Fourth-Gone Conclusion | NBC New York

Fourth-Gone Conclusion

Supreme Court rules 4th Amendment violations reasonable if honest mistakes


    The Supreme Court said Wednesday that evidence obtained after illegal searches or arrests based on simple police mistakes may be used to prosecute criminal defendants.

    The justices split 5-4 along ideological lines to apply new limits to the court's so-called exclusionary rule, which generally requires evidence to be suppressed if it results from a violation of a suspect's Fourth Amendment right to be free from unreasonable searches or seizure.

    The conservative majority acknowledged that the arrest of Bennie Dean Herring of Alabama — based on the mistaken belief that there was a warrant for his arrest — violated his constitutional rights, yet upheld his conviction on federal drug and gun charges.

    Coffee County, Ala., sheriff's deputies found amphetamines in Herring's pockets and an unloaded gun in his truck when they conducted a search following his arrest. It turned out that the warrant from neighboring Dale County had been recalled five months earlier, but the county sheriff's computers had not been updated.

    Chief Justice John Roberts, writing for the court, said the evidence may be used "when police mistakes are the result of negligence such as that described here, rather than systemic error or reckless disregard of constitutional requirements."

    Justices Samuel Alito, Anthony Kennedy, Antonin Scalia and Clarence Thomas sided with Roberts.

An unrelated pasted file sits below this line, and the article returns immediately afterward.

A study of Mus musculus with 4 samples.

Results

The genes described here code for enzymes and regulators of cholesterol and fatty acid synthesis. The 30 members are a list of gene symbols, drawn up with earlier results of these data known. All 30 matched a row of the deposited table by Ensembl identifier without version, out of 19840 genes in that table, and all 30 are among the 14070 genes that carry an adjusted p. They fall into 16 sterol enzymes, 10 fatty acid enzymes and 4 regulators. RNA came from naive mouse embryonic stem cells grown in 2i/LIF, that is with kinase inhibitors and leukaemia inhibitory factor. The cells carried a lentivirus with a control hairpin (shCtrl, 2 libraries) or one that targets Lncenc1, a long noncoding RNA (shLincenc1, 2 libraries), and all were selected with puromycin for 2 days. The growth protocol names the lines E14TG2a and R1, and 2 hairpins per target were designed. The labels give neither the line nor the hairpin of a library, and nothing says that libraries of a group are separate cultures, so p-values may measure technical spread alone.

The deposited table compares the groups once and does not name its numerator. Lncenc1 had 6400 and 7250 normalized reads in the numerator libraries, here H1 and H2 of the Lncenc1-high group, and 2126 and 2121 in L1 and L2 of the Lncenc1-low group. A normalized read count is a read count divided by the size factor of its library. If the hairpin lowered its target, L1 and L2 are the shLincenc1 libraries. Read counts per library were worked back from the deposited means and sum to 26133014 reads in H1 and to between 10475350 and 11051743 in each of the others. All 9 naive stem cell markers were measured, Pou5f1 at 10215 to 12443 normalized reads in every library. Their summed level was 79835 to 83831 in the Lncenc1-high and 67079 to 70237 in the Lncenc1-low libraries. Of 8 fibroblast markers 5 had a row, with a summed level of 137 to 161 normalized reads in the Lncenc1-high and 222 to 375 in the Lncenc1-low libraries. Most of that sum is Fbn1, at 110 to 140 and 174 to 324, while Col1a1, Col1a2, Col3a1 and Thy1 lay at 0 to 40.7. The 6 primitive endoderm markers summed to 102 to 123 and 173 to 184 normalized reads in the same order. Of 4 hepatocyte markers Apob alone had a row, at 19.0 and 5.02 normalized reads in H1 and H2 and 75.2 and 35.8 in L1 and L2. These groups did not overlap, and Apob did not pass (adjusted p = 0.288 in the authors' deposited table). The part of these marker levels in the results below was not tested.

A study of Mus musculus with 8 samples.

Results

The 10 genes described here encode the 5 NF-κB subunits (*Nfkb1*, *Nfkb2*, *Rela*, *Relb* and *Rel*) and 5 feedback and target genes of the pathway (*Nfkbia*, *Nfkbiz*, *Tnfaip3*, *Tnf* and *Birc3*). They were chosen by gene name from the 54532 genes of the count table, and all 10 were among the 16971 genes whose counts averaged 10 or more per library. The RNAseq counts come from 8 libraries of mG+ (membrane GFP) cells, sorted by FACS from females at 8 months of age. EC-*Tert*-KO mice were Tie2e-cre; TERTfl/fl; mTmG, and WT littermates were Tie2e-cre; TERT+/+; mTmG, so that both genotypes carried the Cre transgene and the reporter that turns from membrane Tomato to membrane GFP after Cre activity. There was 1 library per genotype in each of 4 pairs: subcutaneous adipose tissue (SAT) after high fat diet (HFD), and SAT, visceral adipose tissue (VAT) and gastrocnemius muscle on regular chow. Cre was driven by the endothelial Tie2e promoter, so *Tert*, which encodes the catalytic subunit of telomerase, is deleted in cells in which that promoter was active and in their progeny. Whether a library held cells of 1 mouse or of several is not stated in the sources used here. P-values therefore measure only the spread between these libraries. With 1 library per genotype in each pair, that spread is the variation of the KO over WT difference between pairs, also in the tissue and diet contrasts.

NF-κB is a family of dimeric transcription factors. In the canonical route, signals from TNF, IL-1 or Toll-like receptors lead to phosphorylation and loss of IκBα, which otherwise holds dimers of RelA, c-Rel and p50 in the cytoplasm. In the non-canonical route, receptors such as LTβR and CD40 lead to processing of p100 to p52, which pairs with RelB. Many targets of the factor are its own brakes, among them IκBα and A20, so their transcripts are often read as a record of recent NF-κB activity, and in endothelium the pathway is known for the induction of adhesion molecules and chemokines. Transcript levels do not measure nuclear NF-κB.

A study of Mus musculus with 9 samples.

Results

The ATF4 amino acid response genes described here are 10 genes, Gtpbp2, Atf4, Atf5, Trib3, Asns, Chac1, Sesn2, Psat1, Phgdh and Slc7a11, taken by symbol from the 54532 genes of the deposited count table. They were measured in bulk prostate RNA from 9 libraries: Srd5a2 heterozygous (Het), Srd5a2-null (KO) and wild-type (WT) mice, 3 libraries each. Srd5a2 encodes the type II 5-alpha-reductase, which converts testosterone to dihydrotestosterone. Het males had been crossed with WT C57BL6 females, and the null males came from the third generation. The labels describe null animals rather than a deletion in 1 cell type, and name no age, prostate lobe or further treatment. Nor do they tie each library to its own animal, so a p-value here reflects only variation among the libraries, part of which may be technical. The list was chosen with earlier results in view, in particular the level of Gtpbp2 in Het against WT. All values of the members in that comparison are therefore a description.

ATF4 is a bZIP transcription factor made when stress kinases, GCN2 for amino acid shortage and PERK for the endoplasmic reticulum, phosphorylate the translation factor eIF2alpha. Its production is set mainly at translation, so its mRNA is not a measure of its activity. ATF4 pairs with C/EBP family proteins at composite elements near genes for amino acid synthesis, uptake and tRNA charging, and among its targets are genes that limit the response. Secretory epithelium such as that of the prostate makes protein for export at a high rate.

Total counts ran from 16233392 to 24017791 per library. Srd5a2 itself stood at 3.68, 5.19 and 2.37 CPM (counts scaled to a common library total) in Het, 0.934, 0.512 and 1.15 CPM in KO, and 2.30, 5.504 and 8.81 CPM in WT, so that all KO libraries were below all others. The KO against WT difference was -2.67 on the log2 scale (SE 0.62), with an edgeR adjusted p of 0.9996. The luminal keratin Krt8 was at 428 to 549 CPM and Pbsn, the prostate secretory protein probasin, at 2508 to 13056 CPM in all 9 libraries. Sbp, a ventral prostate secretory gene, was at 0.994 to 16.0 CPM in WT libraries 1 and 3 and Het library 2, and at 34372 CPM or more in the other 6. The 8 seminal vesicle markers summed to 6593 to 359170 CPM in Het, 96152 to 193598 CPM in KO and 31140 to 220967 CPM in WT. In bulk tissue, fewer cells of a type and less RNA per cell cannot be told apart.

In a dissent for the other four justices, Justice Ruth Bader Ginsburg said the ruling "leaves Herring, and others like him, with no remedy for violations of their constitutional rights."

    Ginsburg said accurate police record-keeping is of paramount importance, particularly with the widespread use of electronic databases. Justices Stephen Breyer, David Souter and John Paul Stevens also dissented.

    Herring was arrested after a Coffee sheriff's employee asked her counterpart in Dale County whether Herring, called "no stranger to law enforcement" by Roberts, was wanted in Dale. An arrest warrant had been issued in Dale, but it had been recalled by July 2004.

    The sheriff's electronic records, however, showed it was still a valid warrant.

    Acting on that information, Coffee County deputies arrested and searched Herring.

    The Dale employee meanwhile discovered the warrant was no longer valid and called Coffee County to say so. But it was too late for Herring.

    Some courts have ruled that as a deterrent to police misconduct, the fruits of a similar search may be excluded from evidence.

    But the 11th U.S. Circuit Court of Appeals in Atlanta said that suppressing evidence in Herring's case would be unlikely to deter sloppy record keeping.

    The case is Herring v. U.S., 07-513.